How yuppies killed, and saved, the family farm

 

When I was a kid, I spent a lot of time on what we called "The Farm," my grandparents' place in the Animas Valley in southwestern Colorado. We ate corn right off the stalk and green peas out of the shell. We gobbled the feral asparagus that sprang up each spring alongside the fences. We slathered everything with big amorphous chunks of butter from my grandparents' cows, and waited eagerly for lamb chops, my favorite dinner.

My grandparents were not "local food" snobs by any means -- Wonder Bread remained a staple, and if we were lucky, we had bright green Jell-O for dessert. They were farmers by trade. They lacked money but had seven kids to help out, so my mom spent much of her childhood picking raspberries and working on the farm. That was enough to forever sour her -- and most of her siblings -- on the idea of farming. Or so she said.

My grandparents sold off most of the farm when I was still young. And as the land became more valuable for housing than harvests, other locals did the same. The fallow fields sprouted sprawl, and rural-burbia replaced the old barns. I blamed yuppies -- i.e., any outsiders who could afford to buy property in my hometown -- for the death of local agriculture.

Recently, however, a batch of fresh aioli changed my thinking. You see, that rich and creamy concoction of egg yolks, garlic and olive oil really isn't aioli if it's not made with right-out-of-the-nest eggs and local garlic. And it's just not as good if it's spread on something other than freshly dug potatoes, or just-harvested summer squash (alongside some local chevre-stuffed and sautéed squash blossoms). Luckily, my family has a place where we can get most of this stuff right off the farm. And oddly enough, we owe it to the yuppies.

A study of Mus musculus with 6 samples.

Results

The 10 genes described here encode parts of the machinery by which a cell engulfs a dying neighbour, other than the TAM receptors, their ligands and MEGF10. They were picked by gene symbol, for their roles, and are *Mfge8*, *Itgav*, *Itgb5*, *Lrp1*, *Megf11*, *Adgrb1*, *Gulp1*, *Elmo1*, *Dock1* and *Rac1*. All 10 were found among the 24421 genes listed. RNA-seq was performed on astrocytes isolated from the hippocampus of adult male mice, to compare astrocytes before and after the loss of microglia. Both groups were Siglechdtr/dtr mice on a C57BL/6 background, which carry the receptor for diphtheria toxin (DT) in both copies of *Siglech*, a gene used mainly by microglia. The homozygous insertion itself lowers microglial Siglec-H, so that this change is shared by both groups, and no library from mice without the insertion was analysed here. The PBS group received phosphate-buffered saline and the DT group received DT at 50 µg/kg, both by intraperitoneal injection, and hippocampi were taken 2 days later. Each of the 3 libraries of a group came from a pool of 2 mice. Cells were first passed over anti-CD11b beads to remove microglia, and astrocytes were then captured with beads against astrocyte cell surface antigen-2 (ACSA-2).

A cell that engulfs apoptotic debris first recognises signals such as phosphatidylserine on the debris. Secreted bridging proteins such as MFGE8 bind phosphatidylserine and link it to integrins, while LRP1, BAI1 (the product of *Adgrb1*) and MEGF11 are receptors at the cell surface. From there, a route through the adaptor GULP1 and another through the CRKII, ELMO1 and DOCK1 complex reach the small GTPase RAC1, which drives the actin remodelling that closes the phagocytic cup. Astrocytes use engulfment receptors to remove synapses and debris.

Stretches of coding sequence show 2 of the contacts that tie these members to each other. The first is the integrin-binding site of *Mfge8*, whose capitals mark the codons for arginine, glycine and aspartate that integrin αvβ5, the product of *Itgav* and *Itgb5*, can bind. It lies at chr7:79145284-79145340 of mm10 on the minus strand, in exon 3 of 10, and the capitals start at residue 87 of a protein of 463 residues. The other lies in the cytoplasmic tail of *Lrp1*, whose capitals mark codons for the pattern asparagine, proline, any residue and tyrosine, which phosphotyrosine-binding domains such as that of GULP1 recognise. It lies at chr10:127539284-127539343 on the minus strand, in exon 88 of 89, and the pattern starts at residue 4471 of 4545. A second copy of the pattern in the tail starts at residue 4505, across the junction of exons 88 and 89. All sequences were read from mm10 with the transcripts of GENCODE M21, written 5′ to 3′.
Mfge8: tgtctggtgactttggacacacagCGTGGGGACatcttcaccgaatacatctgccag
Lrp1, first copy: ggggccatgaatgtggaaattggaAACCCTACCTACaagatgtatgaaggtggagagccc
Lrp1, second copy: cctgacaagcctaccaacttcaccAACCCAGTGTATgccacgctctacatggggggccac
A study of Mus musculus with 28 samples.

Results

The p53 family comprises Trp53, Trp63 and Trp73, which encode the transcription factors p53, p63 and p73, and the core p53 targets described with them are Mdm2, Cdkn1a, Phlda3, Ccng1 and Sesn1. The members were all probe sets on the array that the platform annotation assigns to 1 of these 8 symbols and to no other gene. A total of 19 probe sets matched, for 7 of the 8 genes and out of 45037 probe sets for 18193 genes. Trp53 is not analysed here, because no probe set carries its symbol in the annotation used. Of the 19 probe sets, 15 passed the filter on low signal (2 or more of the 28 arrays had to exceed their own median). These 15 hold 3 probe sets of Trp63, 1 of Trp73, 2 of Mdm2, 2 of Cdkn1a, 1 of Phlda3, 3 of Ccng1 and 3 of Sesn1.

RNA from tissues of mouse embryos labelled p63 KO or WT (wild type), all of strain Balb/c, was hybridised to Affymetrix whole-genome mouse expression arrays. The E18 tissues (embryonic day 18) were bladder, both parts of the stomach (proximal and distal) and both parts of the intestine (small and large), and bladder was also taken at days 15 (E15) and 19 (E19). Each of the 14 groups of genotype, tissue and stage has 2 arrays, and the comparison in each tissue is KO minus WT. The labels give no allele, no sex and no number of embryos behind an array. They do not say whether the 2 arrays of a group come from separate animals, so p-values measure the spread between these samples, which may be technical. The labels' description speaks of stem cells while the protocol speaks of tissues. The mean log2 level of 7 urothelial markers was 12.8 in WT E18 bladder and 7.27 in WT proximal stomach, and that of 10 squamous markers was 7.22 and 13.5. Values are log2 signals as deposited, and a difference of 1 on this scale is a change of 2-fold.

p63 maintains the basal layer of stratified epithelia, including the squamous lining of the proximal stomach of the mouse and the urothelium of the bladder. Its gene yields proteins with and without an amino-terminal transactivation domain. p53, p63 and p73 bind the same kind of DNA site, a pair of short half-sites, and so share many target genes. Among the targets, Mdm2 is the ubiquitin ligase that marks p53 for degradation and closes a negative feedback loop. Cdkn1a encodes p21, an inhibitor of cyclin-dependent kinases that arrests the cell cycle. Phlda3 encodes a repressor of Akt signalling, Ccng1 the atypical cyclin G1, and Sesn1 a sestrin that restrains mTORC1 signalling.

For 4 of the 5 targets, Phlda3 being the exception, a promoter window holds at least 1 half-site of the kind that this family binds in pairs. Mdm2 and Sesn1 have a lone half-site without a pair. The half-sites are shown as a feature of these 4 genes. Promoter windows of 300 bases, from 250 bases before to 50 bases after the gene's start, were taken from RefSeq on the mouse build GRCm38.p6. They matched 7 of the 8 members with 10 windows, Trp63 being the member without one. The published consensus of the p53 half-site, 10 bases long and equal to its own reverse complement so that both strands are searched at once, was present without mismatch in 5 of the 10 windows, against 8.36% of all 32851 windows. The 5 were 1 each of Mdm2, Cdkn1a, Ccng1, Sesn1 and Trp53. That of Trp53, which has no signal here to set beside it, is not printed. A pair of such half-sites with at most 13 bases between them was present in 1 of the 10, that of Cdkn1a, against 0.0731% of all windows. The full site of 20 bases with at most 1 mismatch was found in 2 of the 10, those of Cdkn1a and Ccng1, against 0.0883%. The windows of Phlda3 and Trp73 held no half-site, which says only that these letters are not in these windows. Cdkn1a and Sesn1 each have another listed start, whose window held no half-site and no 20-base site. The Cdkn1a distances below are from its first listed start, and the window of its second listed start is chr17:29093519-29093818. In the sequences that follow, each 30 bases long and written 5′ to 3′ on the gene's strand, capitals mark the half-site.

The North Fork Valley, where HCN is headquartered, is one of the top organic farming regions in Colorado. Most of the harvest, though, is sold over the mountains, in places like Aspen and Crested Butte. The local market simply isn't big enough or wealthy enough to support all of the small farms. But Aspenites (whose land is too expensive, and too high-altitude, for successful farming) have the cash to spend on fresh, semi-local food. It's a nice symbiosis.

That doesn't mean that these farms don't still struggle financially. But if they can grow the right boutique crops, they scrape by. And wine grapes are one of those crops. Just as a cool, local sauvignon blanc serves as a nice foil for fresh-made aioli, so do local wineries enhance the local food movement. Indeed, Napa and Sonoma were once only famous for their wine; now, they are all-around foodie meccas. Christie Aschwanden explores the phenomenon in this issue's cover story -- a perfect treat for a hot summer afternoon.

I'd recommend reading it while sipping a glass of the local gewurztraminer, and eating some aioli-slathered grilled vegetables from that farm I mentioned. Which, by the way, is now my parents' garlic farm. Decades after leaving the family farm, my mom ended up starting her own.